Low inventories slow Mesa County real estate sales

Phil Castle, The Business Times

Robert Bray
Robert Bray

Low inventories and the limited selection that goes with it continue to slow real estate sales in Mesa County.

“It’s that selection thing that’s keeping a lot of people home,” said Robert Bray, chief executive officer of Bray Real Estate in Grand Junction.

While demand remains strong, both the number of real estate transactions and cumulative dollar volume of those deals declined in April compared to the same month last year.

“I still think it’s going to be a good year for real estate,” Bray said. But the trend could result in year-end declines, he added.

Annette Miller
Annette Miller

Annette Miller, senior vice president of Heritage Title Co. in Grand Junction, said 452 transactions worth a total of $129 million were reported in Mesa County in April. Compared to the same month last year, transactions dropped 12.7 percent and dollar volume fell 6.5 percent.

Seven transactions worth a total of nearly $17 million bolstered dollar volume, Miller said. Those deals included the sale of Diamond Shamrock service stations on four deeds for a total of $9.5 million, Grand Junction Pipe & Supply for $4.4 million and a commercial property located at 2525 Foresight Circle for $1.75 million.

Through the first four months of April, 1,482 transactions worth a combined $445 million were reported, Miller said. Compared to the same span last year, transactions fell 13 percent even as dollar volume increased 3.2 percent. Large transactions accounted for a difference of $26 million in dollar volume.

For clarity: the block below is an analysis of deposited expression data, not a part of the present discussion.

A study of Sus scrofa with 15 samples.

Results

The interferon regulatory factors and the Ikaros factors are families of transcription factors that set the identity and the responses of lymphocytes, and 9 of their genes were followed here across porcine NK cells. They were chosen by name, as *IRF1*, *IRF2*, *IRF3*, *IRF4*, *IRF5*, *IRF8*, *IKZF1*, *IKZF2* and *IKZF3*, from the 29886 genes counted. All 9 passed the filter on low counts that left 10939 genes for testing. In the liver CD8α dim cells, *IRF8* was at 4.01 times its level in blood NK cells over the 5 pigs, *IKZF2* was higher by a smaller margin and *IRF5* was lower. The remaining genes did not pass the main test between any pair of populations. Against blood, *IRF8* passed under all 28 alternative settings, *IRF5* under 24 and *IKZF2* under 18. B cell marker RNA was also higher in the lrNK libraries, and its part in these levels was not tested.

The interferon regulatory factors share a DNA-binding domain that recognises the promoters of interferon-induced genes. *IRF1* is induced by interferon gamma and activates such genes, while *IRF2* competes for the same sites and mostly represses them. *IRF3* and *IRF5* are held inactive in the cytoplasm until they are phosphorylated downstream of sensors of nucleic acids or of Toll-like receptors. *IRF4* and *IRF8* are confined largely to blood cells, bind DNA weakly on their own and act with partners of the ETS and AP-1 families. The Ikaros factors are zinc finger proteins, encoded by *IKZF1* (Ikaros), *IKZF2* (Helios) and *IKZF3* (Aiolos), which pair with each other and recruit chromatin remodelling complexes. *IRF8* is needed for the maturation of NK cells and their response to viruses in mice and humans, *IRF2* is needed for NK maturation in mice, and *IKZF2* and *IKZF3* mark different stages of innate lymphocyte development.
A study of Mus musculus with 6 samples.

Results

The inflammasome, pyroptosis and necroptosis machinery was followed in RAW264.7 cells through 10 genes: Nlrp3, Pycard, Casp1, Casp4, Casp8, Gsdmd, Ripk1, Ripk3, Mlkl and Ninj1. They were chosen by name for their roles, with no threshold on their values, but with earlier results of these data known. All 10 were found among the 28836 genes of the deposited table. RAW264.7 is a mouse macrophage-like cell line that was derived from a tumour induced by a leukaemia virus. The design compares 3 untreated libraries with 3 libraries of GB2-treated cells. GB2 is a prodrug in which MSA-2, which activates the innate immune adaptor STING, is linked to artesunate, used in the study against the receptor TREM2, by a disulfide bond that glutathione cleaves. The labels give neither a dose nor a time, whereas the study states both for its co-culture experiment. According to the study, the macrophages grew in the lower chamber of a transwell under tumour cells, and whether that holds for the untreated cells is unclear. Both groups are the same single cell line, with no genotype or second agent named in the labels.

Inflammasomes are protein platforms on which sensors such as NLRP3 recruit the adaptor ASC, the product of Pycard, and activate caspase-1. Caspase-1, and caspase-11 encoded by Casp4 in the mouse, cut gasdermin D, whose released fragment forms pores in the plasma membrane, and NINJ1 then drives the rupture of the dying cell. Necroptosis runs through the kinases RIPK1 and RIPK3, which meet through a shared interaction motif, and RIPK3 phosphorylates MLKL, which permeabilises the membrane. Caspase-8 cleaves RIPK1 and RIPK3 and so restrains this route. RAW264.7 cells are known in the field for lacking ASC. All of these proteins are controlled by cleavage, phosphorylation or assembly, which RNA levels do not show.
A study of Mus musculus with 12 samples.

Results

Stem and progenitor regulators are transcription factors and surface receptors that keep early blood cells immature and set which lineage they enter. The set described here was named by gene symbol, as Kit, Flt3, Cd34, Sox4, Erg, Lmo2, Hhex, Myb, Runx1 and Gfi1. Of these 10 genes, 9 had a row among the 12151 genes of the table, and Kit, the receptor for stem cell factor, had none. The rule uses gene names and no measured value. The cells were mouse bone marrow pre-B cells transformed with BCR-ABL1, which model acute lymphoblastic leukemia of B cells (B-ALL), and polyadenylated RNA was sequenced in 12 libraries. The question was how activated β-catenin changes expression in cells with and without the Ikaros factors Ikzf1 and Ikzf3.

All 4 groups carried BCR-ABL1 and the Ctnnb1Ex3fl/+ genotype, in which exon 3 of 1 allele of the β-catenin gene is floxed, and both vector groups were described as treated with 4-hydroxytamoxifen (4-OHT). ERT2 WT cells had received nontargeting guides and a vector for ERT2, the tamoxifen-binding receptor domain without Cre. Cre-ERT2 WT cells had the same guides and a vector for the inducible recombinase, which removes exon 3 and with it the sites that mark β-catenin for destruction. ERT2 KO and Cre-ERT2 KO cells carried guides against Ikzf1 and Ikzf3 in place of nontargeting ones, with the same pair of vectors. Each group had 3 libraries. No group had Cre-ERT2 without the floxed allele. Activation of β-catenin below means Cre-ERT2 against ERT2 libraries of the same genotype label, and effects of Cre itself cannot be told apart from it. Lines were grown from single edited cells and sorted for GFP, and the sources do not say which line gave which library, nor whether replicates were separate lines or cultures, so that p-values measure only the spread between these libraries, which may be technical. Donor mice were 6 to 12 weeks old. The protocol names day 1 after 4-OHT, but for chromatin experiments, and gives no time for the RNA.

Bray said 1,043 residential transactions worth an accumulative $288.3 million were reported in Mesa County during the first four months of 2019. Compared to the same span last year, transactions were down 11.1 percent and dollar volume declined 5.5 percent.

The inventory of active residential listings fell to 681 at the end of April, down nearly 17.3 percent from the same time last year.

Bray said there was a surge of houses coming on the market in March and April last year, but that hasn’t yet happened this year even as the busy summer season nears. People are reluctant to put their homes on the market unless they’re assured they can find another home to purchase. The lower inventory has made that more difficult, especially in the lower price ranges, he said.

Meanwhile, the combination of low inventories and continued demand pushes up prices. The median price of homes sold in the first four months of 2019 climbed to $249,000. That’s an increase of 7.3 percent over the same span in 2018. People selling homes in the lower price ranges often receive multiple offers above their listing prices, Bray said.

New home construction continues to lag behind demand, he said. Through the first four months of this year, 231 building permits for single family homes were issued in Mesa County. That’s 20 percent fewer than what was issued during the same span last year.

Bray said he expects more existing and new homes to come on the market, but the lower inventory and higher prices still could result in a year-over-year decline in transactions at the end of 2019.

Meanwhile, property foreclosure activity continues to slow.

Miller said 77 foreclosure filings and 50 sales were reported in Mesa County during the first four months of this year. Compared to the same span last year, filings fell 26 percent and sales dropped 26.5 percent.

The 20 resales of foreclosed properties during the first four months of 2019 constituted 1.4 percent of all transactions during that time — well below the 10 percent threshold Miller considers indicative of a healthy real estate market.